The importance of designing low-carbon buildings

By specifying carbon-smart products, K-12 schools can help reverse global warming.
By: | November 23, 2020
Image provided.

Lisa Conway is VP of Sustainability at Interface.

The impact of climate change is more prominent than ever – from the growing frequency of natural disasters, like the devastating wildfires in California, to rising temperatures and air pollution, and more. The outcomes can and are currently having severe, lasting consequences on the mental and physical health of the global population, including our students.

K-12 schools and districts understand the opportunity they have to increase student awareness of climate change and foster the next generation of climate activists.

In fact, the United Nation’s 2030 Agenda for Sustainable Development contains a stand-alone goal for education systems, advocating for sustainable development issues, such as climate change and biodiversity, in teaching and learning.

Further, a study from the North American Association for Environmental Education found that a sustainable-centric curriculum improves academic performance, critical thinking skills, personal growth and civic engagement. It even improves behaviors, such as increased recycling efforts and community cleanup participation.

Walking the sustainability walk

Across the country, schools and districts are establishing and making progress toward sustainability commitments, pledging to help reverse global warming. As part of this exercise, they can consider an often-overlooked contributor to their overall carbon footprint – the facilities.



Photo by Markus Spiske via Unsplash.

The most urgent opportunity for the built environment is embodied carbon, or the carbon footprint of a material, which considers all GHGs emitted throughout a product’s supply chain and manufacturing. This is the carbon impact of new construction or renovation projects that can’t be reduced over time.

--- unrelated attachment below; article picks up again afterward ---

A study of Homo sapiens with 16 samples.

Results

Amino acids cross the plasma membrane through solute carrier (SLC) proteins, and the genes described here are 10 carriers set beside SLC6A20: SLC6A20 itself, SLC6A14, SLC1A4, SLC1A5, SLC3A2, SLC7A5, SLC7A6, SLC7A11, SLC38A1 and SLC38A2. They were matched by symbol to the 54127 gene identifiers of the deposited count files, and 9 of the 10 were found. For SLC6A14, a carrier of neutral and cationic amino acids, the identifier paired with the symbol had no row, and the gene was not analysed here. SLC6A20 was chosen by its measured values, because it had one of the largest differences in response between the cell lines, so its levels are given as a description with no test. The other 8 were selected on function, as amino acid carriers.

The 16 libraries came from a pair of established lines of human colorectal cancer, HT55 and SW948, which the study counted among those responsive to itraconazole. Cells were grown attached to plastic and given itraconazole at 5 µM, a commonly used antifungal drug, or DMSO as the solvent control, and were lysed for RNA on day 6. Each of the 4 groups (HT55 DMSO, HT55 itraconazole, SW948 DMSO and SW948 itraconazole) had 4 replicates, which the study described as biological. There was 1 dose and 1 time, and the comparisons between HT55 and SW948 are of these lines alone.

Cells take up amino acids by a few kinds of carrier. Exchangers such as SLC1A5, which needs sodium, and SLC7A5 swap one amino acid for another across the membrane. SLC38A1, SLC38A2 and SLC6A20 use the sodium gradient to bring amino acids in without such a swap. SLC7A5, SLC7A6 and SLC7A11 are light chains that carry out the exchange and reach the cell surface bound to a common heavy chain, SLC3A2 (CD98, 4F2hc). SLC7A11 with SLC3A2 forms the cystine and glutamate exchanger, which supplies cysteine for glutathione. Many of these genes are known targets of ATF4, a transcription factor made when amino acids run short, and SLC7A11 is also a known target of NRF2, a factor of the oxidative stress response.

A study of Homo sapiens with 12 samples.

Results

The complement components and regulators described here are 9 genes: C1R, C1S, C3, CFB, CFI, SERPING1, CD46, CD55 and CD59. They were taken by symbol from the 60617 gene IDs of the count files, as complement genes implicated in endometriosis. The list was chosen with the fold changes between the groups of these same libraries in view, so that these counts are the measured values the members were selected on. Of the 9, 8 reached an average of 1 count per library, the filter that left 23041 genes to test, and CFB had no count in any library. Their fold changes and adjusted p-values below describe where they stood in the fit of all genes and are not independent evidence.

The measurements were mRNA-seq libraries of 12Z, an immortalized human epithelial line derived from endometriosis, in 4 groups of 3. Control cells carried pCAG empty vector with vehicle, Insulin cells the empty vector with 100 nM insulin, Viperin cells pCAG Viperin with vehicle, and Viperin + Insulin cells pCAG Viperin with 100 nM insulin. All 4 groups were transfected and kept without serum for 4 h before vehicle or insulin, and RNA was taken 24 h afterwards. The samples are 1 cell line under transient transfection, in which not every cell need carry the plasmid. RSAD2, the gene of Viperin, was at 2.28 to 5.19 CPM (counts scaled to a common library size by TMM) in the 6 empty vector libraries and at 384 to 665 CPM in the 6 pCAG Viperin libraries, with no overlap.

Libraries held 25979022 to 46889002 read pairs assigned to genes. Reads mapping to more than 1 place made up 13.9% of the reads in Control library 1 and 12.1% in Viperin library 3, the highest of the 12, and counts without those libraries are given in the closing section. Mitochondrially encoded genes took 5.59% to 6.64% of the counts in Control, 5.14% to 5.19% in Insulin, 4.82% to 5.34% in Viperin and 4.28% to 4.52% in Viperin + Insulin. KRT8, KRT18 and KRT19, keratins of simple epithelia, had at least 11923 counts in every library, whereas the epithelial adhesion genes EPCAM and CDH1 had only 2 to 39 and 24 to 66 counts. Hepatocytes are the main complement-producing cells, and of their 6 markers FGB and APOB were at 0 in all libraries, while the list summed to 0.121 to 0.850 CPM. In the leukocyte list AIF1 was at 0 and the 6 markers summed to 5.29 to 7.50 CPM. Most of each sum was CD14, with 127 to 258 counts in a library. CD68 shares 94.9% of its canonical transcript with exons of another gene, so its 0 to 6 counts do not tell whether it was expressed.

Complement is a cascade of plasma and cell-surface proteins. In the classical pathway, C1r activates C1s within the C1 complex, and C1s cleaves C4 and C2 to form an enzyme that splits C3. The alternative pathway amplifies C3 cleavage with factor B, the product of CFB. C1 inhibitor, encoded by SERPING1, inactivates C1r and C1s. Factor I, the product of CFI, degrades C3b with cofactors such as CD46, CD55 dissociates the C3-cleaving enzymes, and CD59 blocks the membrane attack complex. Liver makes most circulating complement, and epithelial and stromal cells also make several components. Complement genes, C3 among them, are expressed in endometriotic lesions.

Embodied carbon is especially critical as it makes up 11% of total GHG emissions. We have about a decade to make significant reductions in greenhouse gas emissions and drawdown existing carbon dioxide from the atmosphere.

These statistics highlight the power building material choice has in creating more sustainable buildings and lowering an education institution’s overall carbon footprint. By selecting low-carbon materials, K-12 schools and districts can further prove their commitment to sustainability by ensuring their buildings are more sustainable.

In addition, creating K-12 facilities with sustainability in mind also positively contributes to performance outcomes. According to a study of green schools, facilities designed with climate in mind see absenteeism reduced by 87%, a 74% increase in ability to attract and retain and teachers, and 72% increase in community image.



How can K-12 systems and districts identify vendors that align with their sustainability objectives? Here are a few questions for vendors to help guide the decision:

  • Do you have goals to remove toxic chemicals from your products?  Anything beyond that?
  • What percentage of raw material inputs for your total product portfolio comes from recycled content or biobased materials?
  • What is the most important thing you would need to do to cut your products’ carbon footprint by 50% in the next 5 to 10 years?

Also of note, those looking to better understand the potential carbon impact of their building materials can employ new resources available that compare the amount of embodied carbon emitted by each potential product, such as the Embodied Carbon in Construction Calculator (EC3) tool. EC3 allows users to do side-by-side carbon comparisons of individual materials, empowering them to specify and procure low-carbon options based on available products.

By opting for more sustainable building materials and vendors, K-12 education systems and districts showcase their commitment to addressing climate change, the greatest threat to human health of the 21st century. At the same time, practicing and teaching the importance of sustainability supports improved student health and performance and can inspire tomorrow’s leaders by setting a great example.

Lisa Conway serves as VP of Sustainability at Interface – the global flooring manufacturer that is leading industry to love the world – and is passionate about bringing awareness to the interconnectedness of environmental sustainability and human health.